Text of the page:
Sadly summer is officially over and as we begin to think about switching to the winter wardrobe, it's also a good time to get your skin checked for anything that may have appeared and changed over time. Of course March UV levels still remain high so it’s still necessary to be SunSmart.
A simple skin check will go a long way towards protecting your skin and helping you spot any moles or skin patches that have appeared or changed over time. So we have put together an article drawing from information available from SunSmart and Melanoma NZ to help with some useful advice for doing so...
Why are skin checks important?
You’ve probably heard it all before but we can all do with a reminder that moles, any new spots or changes on your skin can be completely harmless – or it could be skin cancer.
The Ministry of Health recommends that all adults, particularly people 50 and over:
- regularly examine their skin - including skin that's usually covered up - so they know when something changes
- get someone else to check areas they can't see, such as their back and scalp
- see a doctor about anything that looks suspicious.
Melanoma and non-melanoma skin cancers kill over 500 New Zealanders a year, with melanoma causing most of the deaths.
- Melanoma skin cancers: Melanomas appear as a new spot, or an existing spot, freckle or mole that changes colour, size or shape, and they may be itchy or bleed.
- Melanomas can appear anywhere on the body, even on parts that aren’t usually exposed to the sun, such as the soles your feet.
Non-melanoma skin cancers: There are two types of non-melanoma skin cancers – basal cell carcinomas (BCC) and squamous cell carcinomas (SCC).
- BCCs appear as a pale red or pearly smooth lump, usually on the face or neck.
- SCCs often appear as a raised, crusty, non-healing sore. They are commonly found on the hands, forearms, ears, face or neck. SCCs found on the lips and ears have a high risk of spreading.
If you’ve ever been sunburnt, your chances of developing one of the forms of skin cancer during your life increases. So follow our tips below...
Check your skin often enough so it becomes a regular habit. Talk to your doctor about how often they recommend you check your skin.
Your doctor can use the Melanoma Risk Predictor tool. This tool estimates your risk of getting a melanoma in the next five years. Based on your estimated risk, you and your doctor can agree how often you should have a full body skin check.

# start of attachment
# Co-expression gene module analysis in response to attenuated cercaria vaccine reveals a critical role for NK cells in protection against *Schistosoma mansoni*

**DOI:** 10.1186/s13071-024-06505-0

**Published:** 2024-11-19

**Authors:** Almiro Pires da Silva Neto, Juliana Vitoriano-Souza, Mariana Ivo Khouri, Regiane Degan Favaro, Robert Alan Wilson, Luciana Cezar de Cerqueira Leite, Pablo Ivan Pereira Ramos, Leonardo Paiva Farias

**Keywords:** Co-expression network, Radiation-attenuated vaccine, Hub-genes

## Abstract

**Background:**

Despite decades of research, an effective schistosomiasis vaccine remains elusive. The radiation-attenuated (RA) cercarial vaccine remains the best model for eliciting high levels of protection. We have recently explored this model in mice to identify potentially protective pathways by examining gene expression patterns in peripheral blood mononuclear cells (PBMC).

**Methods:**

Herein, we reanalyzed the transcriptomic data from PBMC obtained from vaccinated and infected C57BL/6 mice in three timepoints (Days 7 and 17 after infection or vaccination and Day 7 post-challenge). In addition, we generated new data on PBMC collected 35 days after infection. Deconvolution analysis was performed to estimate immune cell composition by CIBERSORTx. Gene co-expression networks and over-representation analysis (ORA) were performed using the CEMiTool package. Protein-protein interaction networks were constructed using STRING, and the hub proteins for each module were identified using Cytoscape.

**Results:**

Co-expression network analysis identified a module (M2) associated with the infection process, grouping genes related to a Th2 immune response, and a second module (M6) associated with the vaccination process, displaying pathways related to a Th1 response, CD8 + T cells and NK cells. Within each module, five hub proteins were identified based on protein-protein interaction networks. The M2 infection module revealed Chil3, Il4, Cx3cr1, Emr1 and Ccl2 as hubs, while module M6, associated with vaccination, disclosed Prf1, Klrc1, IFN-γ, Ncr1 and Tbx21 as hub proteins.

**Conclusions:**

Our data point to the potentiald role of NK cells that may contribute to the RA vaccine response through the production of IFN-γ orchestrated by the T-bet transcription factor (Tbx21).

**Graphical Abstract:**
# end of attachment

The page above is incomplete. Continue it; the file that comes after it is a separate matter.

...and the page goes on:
2. How to do the check
Look over your entire body regularly. Skin cancers can be in places you can’t see yourself, so remember to check in places that are hard to see or might not normally get exposed to the sun such as:
- your armpits
- behind your ears
- your scalp
- the bottom of your feet
- your fingernails and toenails.
Use a hand mirror if you don't have someone who can check these awkward places for you. It’s a good idea to keep track of how spots and moles look so you know if they have changed since you last checked your skin. If you have any concerns, talk to your doctor and show them what is worrying you.
Melanoma NZ has developed a video that shows you how to check your skin. Watch the full video here. Or visit the Ministry of Health’s website for more advice on checking your skin.
3. See your doctorSee your doctor as soon as possible if you:
- see or feel something that's new on your skin
- see or feel something that’s different from other moles
- notice a mole that’s changed from the last time you checked - this could include a change in the colour, shape or size, or if it is bleeding or itchy.
Some skin cancers can spread very quickly, so noticing a change in your skin quickly (early detection) means that it's more likely to be treated successfully.
Remember we can help with the cost
Please remember, under the Medical, Specialist and Tests benefits of our day to day health plans, Members who have been with us for more than 3 months can claim back 50% of the cost of their GP visits as long as they don't exceed their annual benefit maximum. In addition to that members who have Primary Care Extra are eligible to claim back 50% of the cost of mole mapping, if it doesn't exceed that annual benefit maximum.
So, we encourage you to get moles checked by your doctor or a skin specialist.